Bidding starts on Curt Schilling’s bloody sock
It once had a spot in the Baseball Hall of Fame as a symbol of the transition from constant heartache to overreaching joy for countless Red Sox fans over an 86-year period.
But now, former pitcher Curt Schilling’s bloody World Series sock is being bid on so that he can help pay off costs associated with his failed video game business.
Online bidding on the sock, which Schilling wore during Game 2 of the 2004 World Series, started last week. In that time it’s attracted one bidder, who has bid the opening price of $25,000. A live auction will be held in New York City later this month and will start with the highest amount reached through the online bidding. The auction house expects it to earn more than $100,000.
Chris Ivy, director of the sports department at Texas-based Heritage Auctions, said he expects interest to pick up toward the end of the online bidding period.
“I do think it’ll get a few more hits before it goes to live bidding,” said Ivy, whose auction house is running the bidding on Schilling’s sock. “People interested in this piece are going after it for the moment and what it represents for [Red Sox] nation and the city of Boston. It’s a symbol of what broke the curse of the Bambino.”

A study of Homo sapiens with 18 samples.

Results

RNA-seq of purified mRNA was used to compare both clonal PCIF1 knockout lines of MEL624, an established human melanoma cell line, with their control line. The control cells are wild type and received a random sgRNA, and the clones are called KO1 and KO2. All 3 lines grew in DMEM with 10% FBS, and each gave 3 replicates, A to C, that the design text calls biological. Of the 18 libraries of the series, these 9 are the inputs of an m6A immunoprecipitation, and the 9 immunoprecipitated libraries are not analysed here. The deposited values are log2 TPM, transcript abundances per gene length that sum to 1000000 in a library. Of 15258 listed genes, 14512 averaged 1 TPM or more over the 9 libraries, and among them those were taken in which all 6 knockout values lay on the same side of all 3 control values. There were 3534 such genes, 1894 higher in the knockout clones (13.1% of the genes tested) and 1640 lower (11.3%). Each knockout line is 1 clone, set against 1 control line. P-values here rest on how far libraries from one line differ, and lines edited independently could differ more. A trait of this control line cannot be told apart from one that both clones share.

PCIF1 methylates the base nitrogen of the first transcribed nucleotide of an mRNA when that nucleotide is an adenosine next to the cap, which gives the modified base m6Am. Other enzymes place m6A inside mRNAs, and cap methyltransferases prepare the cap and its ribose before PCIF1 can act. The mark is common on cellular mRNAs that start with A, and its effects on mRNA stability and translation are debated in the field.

Schilling bled through the sock after receiving injections to help him through an ankle injury.
The sock was previously on display for more than eight years at the Hall of Fame in Cooperstown, N.Y., but it was on loan and returned to Schilling.
Schilling’s business, 38 Studios, collapsed last year after he moved it from Massachusetts to Rhode Island. He is being sued by a Rhode Island state agency that claims the gaming company withheld information that would have prevented it from being awarded a $75 million loan, according to WPRI.
In an interview with WEEI in October, Schilling said it was part of him “having to pay for your mistakes.”
“I’m obligated to try and make amends and, unfortunately, this is one of the byproducts of that,” he told WEEI.
Dan Lebowitz, the executive director of Northeastern’s Sport in Society center, said that the symbolism of what Schilling played through to create that bloody sock is now “embedded in the fabric of the Boston sports tradition” and that attention should be paid more to that than the item.
He also said that what Schilling is doing with the sock is like what any person who might have lost a job would do in order to survive.
“In the end it’s like anything else. He tried to faced a particular challenge head on like he has as an athlete and just like in sport sometimes you win and sometimes you lose,” said Lebowitz.